Did you know that “Catch-22 (logic)” has its own Wiki page? To wit, “[C]oined by Joseph Heller in his novel Catch-22, is a logical paradox arising from a situation in which an individual needs something that can only be acquired by not being in that very situation; therefore, the acquisition of this thing becomes logically impossible.”
I wonder what Joseph Heller might think about today’s U.S. Supreme Court decision Wal-Mart Stores v. Dukes (which we covered here). One thing for sure – it made it virtually impossible to hold accountable Wal-Mart for sex discrimination. In other words, according to Justice Scalia who wrote the Court’s opinion, there was no “companywide discriminatory pay and promotion policy.” The class action case was brought because of the policies of local store managers. But now, thanks to this decision, you can’t bring a class action for the policies of local store managers because there was no “companywide discriminatory pay and promotion policy.” Therefore it is logically impossible to ever bring a suit like this!
(Well, I guess that’s not completely true. As AP reports, “Now, the handful of women who brought the lawsuit may pursue their claims on their own, with much less money at stake and less pressure on Wal-Mart to settle.” In other words, there is no longer any financial incentive for massive employers like Wal-Mart to settle with victims and stop pervasive discrmination like this.)
I guess who didn’t see this coming? The U.S. Supreme Court reversed a lower court placing even further limits on the use of class actions lawsuits for those seeking justice against corporate malfeasance.
The justices divided 5-4 on another aspect of the ruling that could make it much harder to mount similar class-action discrimination lawsuits against large employers.
Justice Antonin Scalia's opinion for the court's conservative majority said there needs to be common elements tying together "literally millions of employment decisions at once."
But Scalia said that in the lawsuit against the nation's largest private employer, "That is entirely absent here."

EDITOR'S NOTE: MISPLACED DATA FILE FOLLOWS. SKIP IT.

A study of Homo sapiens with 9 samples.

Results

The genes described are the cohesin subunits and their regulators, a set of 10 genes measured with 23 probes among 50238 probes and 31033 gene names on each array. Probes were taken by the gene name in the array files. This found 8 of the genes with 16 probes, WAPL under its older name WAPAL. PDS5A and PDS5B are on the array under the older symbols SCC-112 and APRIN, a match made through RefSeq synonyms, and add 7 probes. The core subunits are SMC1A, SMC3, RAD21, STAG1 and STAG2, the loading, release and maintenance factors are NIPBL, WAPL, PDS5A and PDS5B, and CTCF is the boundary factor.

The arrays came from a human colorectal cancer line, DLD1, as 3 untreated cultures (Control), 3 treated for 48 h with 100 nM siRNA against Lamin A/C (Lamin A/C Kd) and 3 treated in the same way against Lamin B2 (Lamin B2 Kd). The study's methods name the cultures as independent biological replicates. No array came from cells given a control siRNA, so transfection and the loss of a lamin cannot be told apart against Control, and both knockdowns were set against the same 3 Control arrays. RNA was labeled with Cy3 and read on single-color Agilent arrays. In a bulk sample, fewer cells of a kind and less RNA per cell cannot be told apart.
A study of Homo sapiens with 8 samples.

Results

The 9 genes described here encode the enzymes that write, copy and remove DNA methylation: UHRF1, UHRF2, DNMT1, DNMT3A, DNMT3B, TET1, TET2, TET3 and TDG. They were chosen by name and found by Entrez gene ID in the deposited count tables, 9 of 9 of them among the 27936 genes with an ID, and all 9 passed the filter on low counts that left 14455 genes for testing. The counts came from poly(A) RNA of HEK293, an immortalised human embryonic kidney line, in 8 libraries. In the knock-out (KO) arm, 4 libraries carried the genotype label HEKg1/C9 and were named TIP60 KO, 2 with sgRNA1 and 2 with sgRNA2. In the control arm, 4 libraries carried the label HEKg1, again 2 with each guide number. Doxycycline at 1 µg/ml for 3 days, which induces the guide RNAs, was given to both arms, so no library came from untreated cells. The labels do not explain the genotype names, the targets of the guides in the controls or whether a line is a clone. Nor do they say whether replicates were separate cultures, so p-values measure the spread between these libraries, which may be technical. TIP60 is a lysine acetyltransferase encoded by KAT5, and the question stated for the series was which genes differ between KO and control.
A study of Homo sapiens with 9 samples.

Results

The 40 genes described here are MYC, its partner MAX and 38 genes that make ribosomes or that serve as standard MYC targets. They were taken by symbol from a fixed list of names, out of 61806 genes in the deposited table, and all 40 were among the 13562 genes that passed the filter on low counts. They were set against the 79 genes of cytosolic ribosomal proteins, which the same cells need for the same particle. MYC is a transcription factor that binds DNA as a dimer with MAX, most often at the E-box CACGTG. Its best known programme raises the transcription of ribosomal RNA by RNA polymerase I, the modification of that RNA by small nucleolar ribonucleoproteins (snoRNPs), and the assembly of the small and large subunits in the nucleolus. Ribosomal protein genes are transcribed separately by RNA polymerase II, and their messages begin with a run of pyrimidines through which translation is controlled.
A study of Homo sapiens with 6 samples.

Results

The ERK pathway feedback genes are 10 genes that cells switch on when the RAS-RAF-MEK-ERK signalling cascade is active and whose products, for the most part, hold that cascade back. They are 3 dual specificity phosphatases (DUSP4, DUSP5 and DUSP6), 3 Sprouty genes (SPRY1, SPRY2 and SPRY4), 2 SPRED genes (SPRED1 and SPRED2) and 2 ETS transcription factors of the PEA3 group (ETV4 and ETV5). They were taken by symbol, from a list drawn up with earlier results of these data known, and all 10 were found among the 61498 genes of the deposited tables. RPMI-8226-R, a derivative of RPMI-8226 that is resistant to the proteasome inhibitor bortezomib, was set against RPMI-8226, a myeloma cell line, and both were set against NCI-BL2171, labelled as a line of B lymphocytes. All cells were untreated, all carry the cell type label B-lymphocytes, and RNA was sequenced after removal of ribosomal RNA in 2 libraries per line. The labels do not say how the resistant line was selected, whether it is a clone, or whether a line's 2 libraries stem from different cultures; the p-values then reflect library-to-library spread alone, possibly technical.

Justice Ruth Bader Ginsburg, writing for the court's four liberal justices, said there was more than enough uniting the claims. "Wal-Mart's delegation of discretion over pay and promotions is a policy uniform throughout all stores," Ginsburg said.
Here are some excerpts from the opinion of Justice Ginsburg, with whom Justice Breyer, Justice Sotomayor, and Justice Kagan joined, concurring in part and dissenting in part:
"The plaintiffs’ evidence, including class members’ tales of their own experiences, suggests that gender bias suffused Wal-Mart’s company culture...
"The Court gives no credence to the key dispute common to the class: whether Wal-Mart’s discretionary pay and pro-motion policies are discriminatory...
"Among illustrations, senior management often refer to female associates as “little Janie Qs.” Plaintiffs’ Motion for Class Certification in No. 3:01–cv–02252–CRB (ND Cal.), Doc. 99, p. 13 (internal quotation marks omitted). One manager told an employee that “[m]en are here to make a career and women aren’t.” 222 F. R. D., at 166 (internal quotation marks omitted). A committee of female Wal-Mart executives concluded that “[s]tereotypes limit the opportunities offered to women.” Plaintiffs’ Motion for Class Certification in No. 3:01–cv–02252–CRB (ND Cal.), Doc. 99, at 16(internal quotation marks omitted)."
The impact? “Supporters of the women feared that a decision in favor of Wal-Mart could remove a valuable weapon for fighting all sorts of discrimination.” Little doubt about that.